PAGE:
LDS

CAS #:

Linear Formula:

C12H25O4SLi

MDL Number:

MFCD00007467

EC No.:

218-058-2

ORDER

PRODUCT Product Code ORDER SAFETY DATA TECHNICAL DATA
>98% Lithium Dodecyl Sulfate
LI-DDSAT-018-C
Pricing > SDS > Data Sheet >

Lithium Dodecyl Sulfate Properties (Theoretical)

Compound Formula C12H25LiO4S
Molecular Weight 272.33
Appearance White to off-white powder
Melting Point N/A
Boiling Point N/A
Density N/A
Solubility in H2O c. 27.2 g/l (20 °C)
Exact Mass 272.16336 g/mol
Monoisotopic Mass 272.16336 g/mol

Lithium Dodecyl Sulfate Health & Safety Information

Signal Word Danger
Hazard Statements H228-H315-H318-H335
Hazard Codes F, C, Xi
Precautionary Statements P210-P261-P280-P305 + P351 + P338
RTECS Number N/A
Transport Information UN1325 4.1/ PG III
WGK Germany 3
MSDS / SDS

About Lithium Dodecyl Sulfate

High purity Lithium Dodecyl SulfateLithium Dodecyl Sulfate (LDS) is an anionic detergent and surfactant for synthesis of nanomaterials and other applications like chromatography. It can serve as a substitute for sodium dodecyl sulfate (SDS) in electrophoresis under low temperatures. Typical and custom packaging is available. Additional technical, research and safety (MSDS) information is available as is a Reference Calculator for converting relevant units of measurement.

Lithium Dodecyl Sulfate Synonyms

Dodecyl lithium sulfate, dodecyl sulfate lithium salt, lithium lauryl sulfate, LDS

Chemical Identifiers

Linear Formula C12H25O4SLi
MDL Number MFCD00007467
EC No. 218-058-2
Beilstein/Reaxys No. 5186718
Pubchem CID 2735071
IUPAC Name lithium; dodecyl sulfate
SMILES [Li+].CCCCCCCCCCCCOS(=O)(=O)[O-]
InchI Identifier InChI=1S/C12H26O4S.Li/c1-2-3-4-5-6-7-8-9-10-11-12-16-17(13,14)15;/h2-12H2,1H3,(H,13,14,15);/q;+1/p-1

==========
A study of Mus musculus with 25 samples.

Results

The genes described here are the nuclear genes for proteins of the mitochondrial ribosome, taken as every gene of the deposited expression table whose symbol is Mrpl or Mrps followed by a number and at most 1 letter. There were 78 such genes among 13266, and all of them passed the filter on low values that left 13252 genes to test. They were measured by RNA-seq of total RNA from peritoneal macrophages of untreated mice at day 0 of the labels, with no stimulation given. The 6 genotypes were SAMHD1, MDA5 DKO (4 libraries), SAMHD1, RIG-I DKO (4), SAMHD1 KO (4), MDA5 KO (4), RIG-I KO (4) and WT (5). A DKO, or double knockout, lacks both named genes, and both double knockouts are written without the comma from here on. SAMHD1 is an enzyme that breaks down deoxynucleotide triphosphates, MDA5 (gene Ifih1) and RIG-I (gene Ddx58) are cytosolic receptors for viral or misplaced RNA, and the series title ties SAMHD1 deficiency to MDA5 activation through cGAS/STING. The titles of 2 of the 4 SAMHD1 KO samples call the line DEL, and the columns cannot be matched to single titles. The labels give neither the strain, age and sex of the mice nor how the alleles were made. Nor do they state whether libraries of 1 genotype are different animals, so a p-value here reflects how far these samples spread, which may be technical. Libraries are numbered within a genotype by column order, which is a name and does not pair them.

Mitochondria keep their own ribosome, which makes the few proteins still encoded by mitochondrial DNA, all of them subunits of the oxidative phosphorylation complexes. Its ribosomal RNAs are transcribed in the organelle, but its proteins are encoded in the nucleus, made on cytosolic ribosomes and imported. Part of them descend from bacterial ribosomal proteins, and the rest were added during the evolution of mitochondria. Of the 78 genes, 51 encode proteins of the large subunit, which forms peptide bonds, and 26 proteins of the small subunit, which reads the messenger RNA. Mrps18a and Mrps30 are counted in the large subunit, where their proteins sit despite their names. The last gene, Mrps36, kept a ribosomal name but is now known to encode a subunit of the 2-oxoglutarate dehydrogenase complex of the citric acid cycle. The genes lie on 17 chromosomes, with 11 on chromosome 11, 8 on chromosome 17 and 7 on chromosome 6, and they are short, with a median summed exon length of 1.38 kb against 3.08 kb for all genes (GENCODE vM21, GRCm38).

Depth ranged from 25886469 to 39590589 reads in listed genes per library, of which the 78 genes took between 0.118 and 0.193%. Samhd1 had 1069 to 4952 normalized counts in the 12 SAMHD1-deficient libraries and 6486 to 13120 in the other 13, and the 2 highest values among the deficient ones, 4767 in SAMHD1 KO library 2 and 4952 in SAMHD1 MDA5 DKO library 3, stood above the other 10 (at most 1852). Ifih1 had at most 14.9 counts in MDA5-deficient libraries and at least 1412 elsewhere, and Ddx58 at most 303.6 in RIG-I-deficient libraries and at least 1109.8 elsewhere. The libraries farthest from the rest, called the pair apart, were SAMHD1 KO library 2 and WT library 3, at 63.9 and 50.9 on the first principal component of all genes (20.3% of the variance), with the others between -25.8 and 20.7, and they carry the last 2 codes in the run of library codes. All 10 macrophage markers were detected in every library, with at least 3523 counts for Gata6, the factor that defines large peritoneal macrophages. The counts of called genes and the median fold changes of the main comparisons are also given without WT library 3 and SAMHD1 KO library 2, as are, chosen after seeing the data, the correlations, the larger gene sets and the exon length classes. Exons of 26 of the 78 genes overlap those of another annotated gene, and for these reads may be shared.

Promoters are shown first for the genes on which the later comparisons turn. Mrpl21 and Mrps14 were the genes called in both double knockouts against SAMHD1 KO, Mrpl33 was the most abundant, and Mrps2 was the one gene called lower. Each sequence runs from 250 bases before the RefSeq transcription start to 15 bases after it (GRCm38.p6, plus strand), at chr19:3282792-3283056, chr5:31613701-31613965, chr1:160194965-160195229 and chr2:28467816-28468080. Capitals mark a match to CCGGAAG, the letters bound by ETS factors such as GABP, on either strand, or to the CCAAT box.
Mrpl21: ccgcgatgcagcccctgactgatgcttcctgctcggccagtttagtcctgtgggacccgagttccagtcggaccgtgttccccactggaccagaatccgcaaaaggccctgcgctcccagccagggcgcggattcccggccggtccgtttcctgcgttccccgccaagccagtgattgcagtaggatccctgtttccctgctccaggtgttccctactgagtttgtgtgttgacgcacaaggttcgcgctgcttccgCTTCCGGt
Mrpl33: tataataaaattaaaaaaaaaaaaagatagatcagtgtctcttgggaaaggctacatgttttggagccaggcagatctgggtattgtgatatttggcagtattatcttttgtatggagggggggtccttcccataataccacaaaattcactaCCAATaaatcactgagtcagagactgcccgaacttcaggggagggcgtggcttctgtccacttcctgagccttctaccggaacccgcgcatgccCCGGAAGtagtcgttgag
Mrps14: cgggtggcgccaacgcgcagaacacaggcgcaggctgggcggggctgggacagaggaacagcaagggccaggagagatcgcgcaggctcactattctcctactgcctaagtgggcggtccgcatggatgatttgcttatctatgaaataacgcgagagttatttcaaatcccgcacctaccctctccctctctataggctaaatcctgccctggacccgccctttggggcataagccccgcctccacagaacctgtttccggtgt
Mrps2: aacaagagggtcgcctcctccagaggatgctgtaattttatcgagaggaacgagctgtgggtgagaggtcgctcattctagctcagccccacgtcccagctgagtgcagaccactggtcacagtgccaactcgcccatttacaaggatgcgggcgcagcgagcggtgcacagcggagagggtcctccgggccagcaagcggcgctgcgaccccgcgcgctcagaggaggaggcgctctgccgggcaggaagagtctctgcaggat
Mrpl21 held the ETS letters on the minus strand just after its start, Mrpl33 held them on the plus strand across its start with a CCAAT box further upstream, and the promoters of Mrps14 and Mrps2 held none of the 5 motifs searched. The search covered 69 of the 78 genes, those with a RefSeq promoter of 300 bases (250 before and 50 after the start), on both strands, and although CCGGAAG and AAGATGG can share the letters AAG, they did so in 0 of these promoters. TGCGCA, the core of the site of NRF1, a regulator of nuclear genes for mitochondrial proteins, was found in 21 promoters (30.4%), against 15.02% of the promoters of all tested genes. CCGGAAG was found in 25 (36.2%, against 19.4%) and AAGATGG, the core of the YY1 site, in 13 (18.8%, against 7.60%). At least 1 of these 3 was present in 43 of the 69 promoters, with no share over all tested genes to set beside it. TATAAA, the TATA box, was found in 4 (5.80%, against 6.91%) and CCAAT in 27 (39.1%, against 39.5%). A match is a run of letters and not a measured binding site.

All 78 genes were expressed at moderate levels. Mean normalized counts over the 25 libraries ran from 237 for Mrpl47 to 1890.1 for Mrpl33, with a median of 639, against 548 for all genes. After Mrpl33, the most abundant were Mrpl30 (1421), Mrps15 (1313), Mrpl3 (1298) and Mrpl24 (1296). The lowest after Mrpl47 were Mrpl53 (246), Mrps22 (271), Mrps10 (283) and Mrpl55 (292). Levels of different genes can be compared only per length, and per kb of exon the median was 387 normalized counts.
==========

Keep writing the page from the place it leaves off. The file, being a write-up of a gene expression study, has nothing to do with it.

InchI Key YFVGRULMIQXYNE-UHFFFAOYSA-M

Packaging Specifications

Typical bulk packaging includes palletized plastic 5 gallon/25 kg. pails, fiber and steel drums to 1 ton super sacks in full container (FCL) or truck load (T/L) quantities. Research and sample quantities and hygroscopic, oxidizing or other air sensitive materials may be packaged under argon or vacuum. Shipping documentation includes a Certificate of Analysis and Safety Data Sheet (SDS). Solutions are packaged in polypropylene, plastic or glass jars up to palletized 440 gallon liquid totes, and 36,000 lb. tanker trucks.

Related Elements

Lithium

Lithium Bohr ModelSee more Lithium products. Lithium (atomic symbol: Li, atomic number: 3) is a Block S, Group 1, Period 2 element with an atomic weight of 6.94. The number of electrons in each of Lithium's shells is [2, 1] and its electron configuration is [He] 2s1. The lithium atom has a radius of 152 pm and a Van der Waals radius of 181 pm. Lithium was discovered by Johann Arvedson in 1817 and first isolated by William Thomas Brande in 1821. The origin of the name Lithium comes from the Greek wordlithose which means "stone." Lithium is a member of the alkali group of metals. It has the highest specific heat and electrochemical potential of any element on the period table and the lowest density of any elements that are solid at room temperature. Elemental LithiumCompared to other metals, it has one of the lowest boiling points. In its elemental form, lithium is soft enough to cut with a knife its silvery white appearance quickly darkens when exposed to air. Because of its high reactivity, elemental lithium does not occur in nature. Lithium is the key component of lithium-ion battery technology, which is becoming increasingly more prevalent in electronics.

Sulfur

See more Sulfur products. Sulfur (or Sulphur) (atomic symbol: S, atomic number: 16) is a Block P, Group 16, Period 3 element with an atomic radius of 32.066. Sulfur Bohr ModelThe number of electrons in each of Sulfur's shells is 2, 8, 6 and its electron configuration is [Ne] 3s2 3p4. In its elemental form, sulfur has a light yellow appearance. The sulfur atom has a covalent radius of 105 pm and a Van der Waals radius of 180 pm. In nature, sulfur can be found in hot springs, meteorites, volcanoes, and as galena, gypsum, and epsom salts. Sulfur has been known since ancient times but was not accepted as an element until 1777, when Antoine Lavoisier helped to convince the scientific community that it was an element and not a compound.